Facing the bootstrapping dilemma? Here’s what you should know

9th May 2017

Image : shutterstock

Image : shutterstock

Bootstrapping bolsters business and product modernisation

Today, most funded startups are focused on spending money instead of making money. Bill Gates of Microsoft and Phil Knight of Nike were great money managers when they started off. They founded their respective business with a bootstrapped idea and pushed to stretch every dollar they had. They chose the harder path of stronger organic growth. For example, Knight relied on bootstrapping from the very beginning when he started his business by borrowing 50 dollars from his father. For years he funded his imports through bank guaranties. Nike, which was earlier known as Blue Ribbon Sports, was close to running out of funds multiple times. However, it was these testing times that pushed Knight to innovate from the low-margin business of importing shoes to producing superior sports shoes that the world today knows as Nike.

Focus on creating a business and not just a top-line

Every entrepreneur builds his business with a vision to make it outgrow him. Most venture capital investors, however, invest in a business with the intent of exiting it in five-to-seven years. Not many entrepreneurs are aware that raising capital from the very beginning can change the focus of their entrepreneurial journey. This is because VC investors want to see aggressive growth and entrepreneurs have to consult them for every small business decision they make. Instead, when an entrepreneur is smart enough to keep his eyes on the business and not fulfilling investor's demands, he can grow at his own pace.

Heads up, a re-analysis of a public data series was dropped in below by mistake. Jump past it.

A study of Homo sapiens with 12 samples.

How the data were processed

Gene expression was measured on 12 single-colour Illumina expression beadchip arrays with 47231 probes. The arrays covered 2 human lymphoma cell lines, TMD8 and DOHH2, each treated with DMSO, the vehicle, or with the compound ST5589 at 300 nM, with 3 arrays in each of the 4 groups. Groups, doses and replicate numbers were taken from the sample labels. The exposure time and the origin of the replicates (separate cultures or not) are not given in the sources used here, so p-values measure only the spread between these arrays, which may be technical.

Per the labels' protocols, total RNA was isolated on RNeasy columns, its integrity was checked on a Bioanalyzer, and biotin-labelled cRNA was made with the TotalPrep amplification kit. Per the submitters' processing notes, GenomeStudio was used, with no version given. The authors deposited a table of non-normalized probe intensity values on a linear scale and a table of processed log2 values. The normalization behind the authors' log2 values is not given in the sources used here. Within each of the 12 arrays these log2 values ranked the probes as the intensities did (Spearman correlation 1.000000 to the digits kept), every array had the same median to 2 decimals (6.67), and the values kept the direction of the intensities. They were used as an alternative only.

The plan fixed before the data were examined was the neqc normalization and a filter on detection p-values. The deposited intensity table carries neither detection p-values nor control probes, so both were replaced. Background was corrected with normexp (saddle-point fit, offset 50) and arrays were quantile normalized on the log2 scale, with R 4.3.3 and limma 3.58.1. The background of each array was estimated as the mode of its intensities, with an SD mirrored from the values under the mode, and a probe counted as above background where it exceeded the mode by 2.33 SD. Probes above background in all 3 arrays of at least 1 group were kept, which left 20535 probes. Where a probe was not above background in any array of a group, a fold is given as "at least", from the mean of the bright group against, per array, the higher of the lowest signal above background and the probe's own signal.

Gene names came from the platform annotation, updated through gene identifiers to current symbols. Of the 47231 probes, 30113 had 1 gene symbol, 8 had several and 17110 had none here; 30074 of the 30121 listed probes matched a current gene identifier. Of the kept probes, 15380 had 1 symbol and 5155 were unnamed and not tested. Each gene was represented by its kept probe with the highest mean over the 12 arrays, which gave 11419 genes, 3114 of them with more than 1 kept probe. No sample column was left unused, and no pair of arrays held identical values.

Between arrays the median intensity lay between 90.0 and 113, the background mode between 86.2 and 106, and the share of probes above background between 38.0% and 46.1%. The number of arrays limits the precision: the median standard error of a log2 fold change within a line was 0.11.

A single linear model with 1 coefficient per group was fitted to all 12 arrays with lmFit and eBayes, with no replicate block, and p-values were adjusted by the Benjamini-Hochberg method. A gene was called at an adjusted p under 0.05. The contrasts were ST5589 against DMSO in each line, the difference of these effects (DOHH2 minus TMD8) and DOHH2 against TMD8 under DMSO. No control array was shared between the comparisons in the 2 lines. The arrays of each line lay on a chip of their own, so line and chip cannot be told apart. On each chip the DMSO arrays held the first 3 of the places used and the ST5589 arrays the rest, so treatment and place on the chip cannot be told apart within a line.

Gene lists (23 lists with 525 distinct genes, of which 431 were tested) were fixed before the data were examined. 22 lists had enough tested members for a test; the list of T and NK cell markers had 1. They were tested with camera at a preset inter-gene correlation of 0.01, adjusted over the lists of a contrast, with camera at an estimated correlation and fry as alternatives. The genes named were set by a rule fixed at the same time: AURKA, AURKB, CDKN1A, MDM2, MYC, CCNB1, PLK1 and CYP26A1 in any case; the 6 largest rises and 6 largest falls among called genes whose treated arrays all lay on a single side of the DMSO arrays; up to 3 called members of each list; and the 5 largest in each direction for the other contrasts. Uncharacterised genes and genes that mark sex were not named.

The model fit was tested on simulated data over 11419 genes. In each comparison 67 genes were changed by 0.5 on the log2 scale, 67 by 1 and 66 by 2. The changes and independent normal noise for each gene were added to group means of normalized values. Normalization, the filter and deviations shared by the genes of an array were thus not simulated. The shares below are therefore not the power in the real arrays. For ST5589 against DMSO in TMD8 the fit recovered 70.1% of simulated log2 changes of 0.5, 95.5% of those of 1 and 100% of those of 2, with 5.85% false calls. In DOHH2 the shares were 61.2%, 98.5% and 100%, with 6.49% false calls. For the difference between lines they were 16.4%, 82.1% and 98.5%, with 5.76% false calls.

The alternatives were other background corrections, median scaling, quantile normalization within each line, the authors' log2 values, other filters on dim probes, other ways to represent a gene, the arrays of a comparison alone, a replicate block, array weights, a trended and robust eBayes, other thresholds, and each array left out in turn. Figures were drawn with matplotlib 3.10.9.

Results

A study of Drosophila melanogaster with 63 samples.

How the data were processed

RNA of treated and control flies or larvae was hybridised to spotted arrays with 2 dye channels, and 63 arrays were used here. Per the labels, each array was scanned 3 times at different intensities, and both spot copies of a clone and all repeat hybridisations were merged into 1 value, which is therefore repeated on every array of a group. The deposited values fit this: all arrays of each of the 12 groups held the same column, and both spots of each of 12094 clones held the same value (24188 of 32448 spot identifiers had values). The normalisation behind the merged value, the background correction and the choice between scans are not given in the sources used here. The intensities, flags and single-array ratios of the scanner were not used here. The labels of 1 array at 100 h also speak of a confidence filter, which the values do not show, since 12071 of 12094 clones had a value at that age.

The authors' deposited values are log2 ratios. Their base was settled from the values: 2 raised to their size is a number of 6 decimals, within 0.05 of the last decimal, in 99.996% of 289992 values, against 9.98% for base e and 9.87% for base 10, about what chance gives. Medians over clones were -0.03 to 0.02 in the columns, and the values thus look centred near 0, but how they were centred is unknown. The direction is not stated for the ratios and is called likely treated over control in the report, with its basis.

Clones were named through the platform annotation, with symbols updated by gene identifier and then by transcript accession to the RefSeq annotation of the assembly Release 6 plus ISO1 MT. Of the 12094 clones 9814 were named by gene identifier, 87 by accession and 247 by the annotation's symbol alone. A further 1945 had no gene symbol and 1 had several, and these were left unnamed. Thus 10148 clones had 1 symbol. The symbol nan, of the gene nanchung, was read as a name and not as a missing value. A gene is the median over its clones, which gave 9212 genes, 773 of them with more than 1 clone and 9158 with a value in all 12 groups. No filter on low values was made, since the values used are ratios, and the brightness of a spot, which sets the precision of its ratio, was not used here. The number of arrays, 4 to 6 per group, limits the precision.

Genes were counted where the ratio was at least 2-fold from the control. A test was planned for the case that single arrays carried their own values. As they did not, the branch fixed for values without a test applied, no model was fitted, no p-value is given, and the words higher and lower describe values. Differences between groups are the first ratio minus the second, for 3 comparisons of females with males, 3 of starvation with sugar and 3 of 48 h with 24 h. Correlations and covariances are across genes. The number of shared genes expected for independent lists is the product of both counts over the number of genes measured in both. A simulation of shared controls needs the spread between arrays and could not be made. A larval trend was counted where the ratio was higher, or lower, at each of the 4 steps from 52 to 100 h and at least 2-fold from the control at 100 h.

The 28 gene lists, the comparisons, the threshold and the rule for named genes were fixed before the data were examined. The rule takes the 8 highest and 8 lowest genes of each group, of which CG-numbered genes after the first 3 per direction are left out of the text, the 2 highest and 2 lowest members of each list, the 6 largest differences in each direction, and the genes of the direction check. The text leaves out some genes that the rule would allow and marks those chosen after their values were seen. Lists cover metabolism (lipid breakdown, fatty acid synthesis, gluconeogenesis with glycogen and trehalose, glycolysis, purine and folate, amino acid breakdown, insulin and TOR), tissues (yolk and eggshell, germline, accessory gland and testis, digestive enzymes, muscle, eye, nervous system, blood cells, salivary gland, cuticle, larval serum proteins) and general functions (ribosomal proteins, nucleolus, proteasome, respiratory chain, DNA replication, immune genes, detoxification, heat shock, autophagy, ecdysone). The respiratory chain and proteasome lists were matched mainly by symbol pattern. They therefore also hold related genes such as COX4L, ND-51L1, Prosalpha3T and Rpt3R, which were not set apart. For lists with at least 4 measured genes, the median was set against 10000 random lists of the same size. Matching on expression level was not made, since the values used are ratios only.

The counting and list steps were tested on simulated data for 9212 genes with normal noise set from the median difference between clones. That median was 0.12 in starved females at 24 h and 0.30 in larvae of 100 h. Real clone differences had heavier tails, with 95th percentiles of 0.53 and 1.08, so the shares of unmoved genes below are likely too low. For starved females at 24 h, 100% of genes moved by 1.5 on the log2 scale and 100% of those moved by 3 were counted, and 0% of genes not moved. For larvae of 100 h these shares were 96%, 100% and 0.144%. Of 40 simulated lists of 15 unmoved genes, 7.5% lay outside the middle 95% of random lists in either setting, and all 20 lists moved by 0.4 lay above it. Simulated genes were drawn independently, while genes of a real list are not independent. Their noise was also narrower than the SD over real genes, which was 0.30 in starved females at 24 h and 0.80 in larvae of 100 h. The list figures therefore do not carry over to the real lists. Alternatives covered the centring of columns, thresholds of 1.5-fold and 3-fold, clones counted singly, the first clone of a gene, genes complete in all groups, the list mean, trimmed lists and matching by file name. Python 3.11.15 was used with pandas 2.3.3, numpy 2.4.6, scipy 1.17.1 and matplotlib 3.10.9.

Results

The cost of equity is the greatest cost

One of the most important decisions in an entrepreneur's life cycle is diluting control and equity. Several entrepreneurs make the blunder of diluting too early just because the money is there. This inevitably leaves them with lesser equity and lesser control for future fundraising needs. Bootstrapping ensures that the course your company takes is solely in your hands. Also, because your company's growth is fully organic, it isn't very affected by external disruptors. According to Tom Werner, Founder of Github, “Bootstrapping is a way to do something about the problems you have without letting someone else give you the permission to do them.”

It is advisable to bootstrap for as long as you can so that when you have a clear vision of profits, you are in a great position to leverage what VCs can offer you.